Overall, the IDHS YouthBuild program in Illinois is but a piece of a much larger network of programs and providers. IDHS YouthBuild funding supplements a small number of existing, federally funded YouthBuild programs in Illinois. These programs combine federal, state and local resources to serve disadvantaged youth in Illinois. This, in turn, also means that youth are often dually enrolled in programs from multiple funding streams and it is often difficult to distinguish IDHS funded youth from others. This is due, in large part, to the fact that IDHS grant allocations to providers are not sufficient to sustain the services, activities and building materials necessary to fully implement the program. The IDHS grant funds are intended only to supplement, and not to fully fund, these programs.

As can be seen in the State Funded YouthBuild Providers section above, each of the programs have been very successful in developing partnerships, securing volunteers, bringing in local community resources to the program as well as securing state and federal funding. However, where they are most successful is in keeping the youth engaged and committed to bettering their lives. For example, in 2008:

  • Illinois YouthBuild programs served 194 youth at an average cost to IDHS of $1,394 per youth. (This figure represents IDHS funds only and does not accurately reflect the total program cost per youth served.)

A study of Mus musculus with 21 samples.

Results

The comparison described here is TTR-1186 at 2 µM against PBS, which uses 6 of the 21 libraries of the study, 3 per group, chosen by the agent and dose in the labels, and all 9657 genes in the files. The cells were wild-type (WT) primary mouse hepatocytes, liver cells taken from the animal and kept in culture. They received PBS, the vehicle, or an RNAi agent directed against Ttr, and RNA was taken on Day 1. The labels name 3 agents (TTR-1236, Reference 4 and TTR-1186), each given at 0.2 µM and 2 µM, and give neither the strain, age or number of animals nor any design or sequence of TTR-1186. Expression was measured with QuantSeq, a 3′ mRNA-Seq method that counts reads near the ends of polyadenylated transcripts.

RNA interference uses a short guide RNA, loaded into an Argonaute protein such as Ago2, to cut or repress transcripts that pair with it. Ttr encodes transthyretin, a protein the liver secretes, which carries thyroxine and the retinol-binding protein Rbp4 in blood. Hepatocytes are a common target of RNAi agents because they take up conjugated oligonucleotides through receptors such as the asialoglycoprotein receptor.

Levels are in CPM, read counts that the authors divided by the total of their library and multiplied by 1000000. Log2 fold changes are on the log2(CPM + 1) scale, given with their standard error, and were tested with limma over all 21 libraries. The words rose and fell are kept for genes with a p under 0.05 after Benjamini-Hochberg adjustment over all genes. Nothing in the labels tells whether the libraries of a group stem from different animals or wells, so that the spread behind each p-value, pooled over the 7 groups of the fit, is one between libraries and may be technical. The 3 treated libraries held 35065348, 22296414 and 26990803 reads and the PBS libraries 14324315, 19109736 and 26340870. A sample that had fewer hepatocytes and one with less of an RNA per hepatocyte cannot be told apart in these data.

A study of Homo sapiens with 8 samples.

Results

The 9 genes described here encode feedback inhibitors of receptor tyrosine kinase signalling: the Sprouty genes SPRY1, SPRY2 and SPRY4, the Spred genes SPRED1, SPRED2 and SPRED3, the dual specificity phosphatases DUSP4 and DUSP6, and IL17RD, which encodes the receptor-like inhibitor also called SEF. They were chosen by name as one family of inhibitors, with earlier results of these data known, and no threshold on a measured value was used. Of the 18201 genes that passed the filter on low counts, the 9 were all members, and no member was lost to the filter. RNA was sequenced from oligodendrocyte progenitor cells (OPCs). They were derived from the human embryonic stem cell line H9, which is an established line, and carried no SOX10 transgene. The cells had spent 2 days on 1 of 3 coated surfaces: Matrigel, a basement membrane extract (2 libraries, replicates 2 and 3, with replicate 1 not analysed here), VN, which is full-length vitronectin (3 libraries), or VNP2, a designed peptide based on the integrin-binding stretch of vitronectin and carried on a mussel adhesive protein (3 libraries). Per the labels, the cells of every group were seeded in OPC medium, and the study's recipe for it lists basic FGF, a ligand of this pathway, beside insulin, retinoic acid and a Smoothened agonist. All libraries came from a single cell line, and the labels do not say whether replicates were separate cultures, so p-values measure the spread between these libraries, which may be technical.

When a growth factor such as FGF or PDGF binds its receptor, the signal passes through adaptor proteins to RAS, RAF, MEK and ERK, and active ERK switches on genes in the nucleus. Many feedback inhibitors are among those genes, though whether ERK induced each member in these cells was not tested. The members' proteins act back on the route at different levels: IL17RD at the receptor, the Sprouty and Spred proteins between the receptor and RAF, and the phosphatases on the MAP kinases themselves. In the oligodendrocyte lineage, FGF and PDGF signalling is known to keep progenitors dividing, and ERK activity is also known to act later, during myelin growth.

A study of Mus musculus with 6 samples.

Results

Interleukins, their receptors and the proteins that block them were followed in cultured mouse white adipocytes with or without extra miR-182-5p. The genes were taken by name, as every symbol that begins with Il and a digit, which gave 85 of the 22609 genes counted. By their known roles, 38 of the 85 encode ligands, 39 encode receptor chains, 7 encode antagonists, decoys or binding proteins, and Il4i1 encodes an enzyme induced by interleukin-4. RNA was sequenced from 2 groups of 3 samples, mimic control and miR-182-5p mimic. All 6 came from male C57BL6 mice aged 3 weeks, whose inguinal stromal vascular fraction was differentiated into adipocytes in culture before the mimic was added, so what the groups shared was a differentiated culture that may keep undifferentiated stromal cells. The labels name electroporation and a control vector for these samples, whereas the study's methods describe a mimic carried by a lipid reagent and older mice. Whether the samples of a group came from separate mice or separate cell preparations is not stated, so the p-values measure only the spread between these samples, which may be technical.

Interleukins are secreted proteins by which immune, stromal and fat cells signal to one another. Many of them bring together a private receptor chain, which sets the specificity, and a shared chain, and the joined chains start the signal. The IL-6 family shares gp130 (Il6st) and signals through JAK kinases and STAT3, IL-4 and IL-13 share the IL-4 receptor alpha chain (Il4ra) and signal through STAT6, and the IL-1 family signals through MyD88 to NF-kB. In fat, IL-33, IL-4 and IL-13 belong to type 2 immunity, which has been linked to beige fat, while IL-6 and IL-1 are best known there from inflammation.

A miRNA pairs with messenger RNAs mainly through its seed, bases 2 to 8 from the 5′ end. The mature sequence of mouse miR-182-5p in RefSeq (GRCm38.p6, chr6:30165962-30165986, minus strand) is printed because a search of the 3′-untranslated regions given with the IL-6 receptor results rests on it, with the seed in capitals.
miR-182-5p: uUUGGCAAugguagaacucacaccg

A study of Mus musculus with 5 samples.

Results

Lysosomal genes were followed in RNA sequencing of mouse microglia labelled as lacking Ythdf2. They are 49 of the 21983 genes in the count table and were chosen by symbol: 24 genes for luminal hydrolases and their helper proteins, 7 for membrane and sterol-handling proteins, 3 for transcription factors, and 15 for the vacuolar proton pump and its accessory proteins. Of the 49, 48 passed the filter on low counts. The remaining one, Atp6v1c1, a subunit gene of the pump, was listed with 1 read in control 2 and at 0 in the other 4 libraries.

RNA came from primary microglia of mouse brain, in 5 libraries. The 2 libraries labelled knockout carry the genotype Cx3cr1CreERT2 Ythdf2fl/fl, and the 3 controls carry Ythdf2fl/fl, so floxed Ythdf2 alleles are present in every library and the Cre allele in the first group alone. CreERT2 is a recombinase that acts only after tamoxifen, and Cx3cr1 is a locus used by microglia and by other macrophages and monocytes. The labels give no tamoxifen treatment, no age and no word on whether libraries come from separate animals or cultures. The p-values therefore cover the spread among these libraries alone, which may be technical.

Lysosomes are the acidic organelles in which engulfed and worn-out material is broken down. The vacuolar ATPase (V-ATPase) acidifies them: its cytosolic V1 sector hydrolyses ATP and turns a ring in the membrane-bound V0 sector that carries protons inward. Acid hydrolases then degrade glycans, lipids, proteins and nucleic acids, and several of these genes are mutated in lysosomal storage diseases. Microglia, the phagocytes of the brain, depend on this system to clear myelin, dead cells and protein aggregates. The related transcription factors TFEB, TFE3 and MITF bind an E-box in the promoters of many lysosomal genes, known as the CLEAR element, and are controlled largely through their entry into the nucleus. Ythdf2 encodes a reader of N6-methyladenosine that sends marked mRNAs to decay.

• Fewer than 18% of youth dropped out of the program prematurely.
  • 41% of all youth completing the program obtained either their High School diploma or their GED certificate. Another 9% were still working towards their diploma or certificate.
  • 55% off all enrollees had gained employment or entered apprenticeships upon program completion.
  • A total of 20 new homes were built for low-income families and 9 homes were remodeled.
  • Of the participants, approximately 59% were previously adjudicated and these youth had approximately a 5% recidivism rate.
  • 19% of the program's participants went on to post-secondary education. At six months, with two groups reporting, 50% were still in school. There are no figures available for the other groups as six months had not lapsed as of this report.
  • The YouthBuild programs have also been very successful at improving both math and reading levels for enrolled youth. A goal of the programming is to increase both the reading and math levels for identified youth by at least two grade levels while enrolled.

Again, the above achievements cannot be attributed to IDHS funding alone, however, it is necessary to recognize that IDHS funds are an integral and vital piece of the funding stream that sustains these invaluable programs. Without it, fewer youth will have this wonderful opportunity to get their life on track, become valuable, productive citizens, and achieve the self-sufficiency necessary to support their families.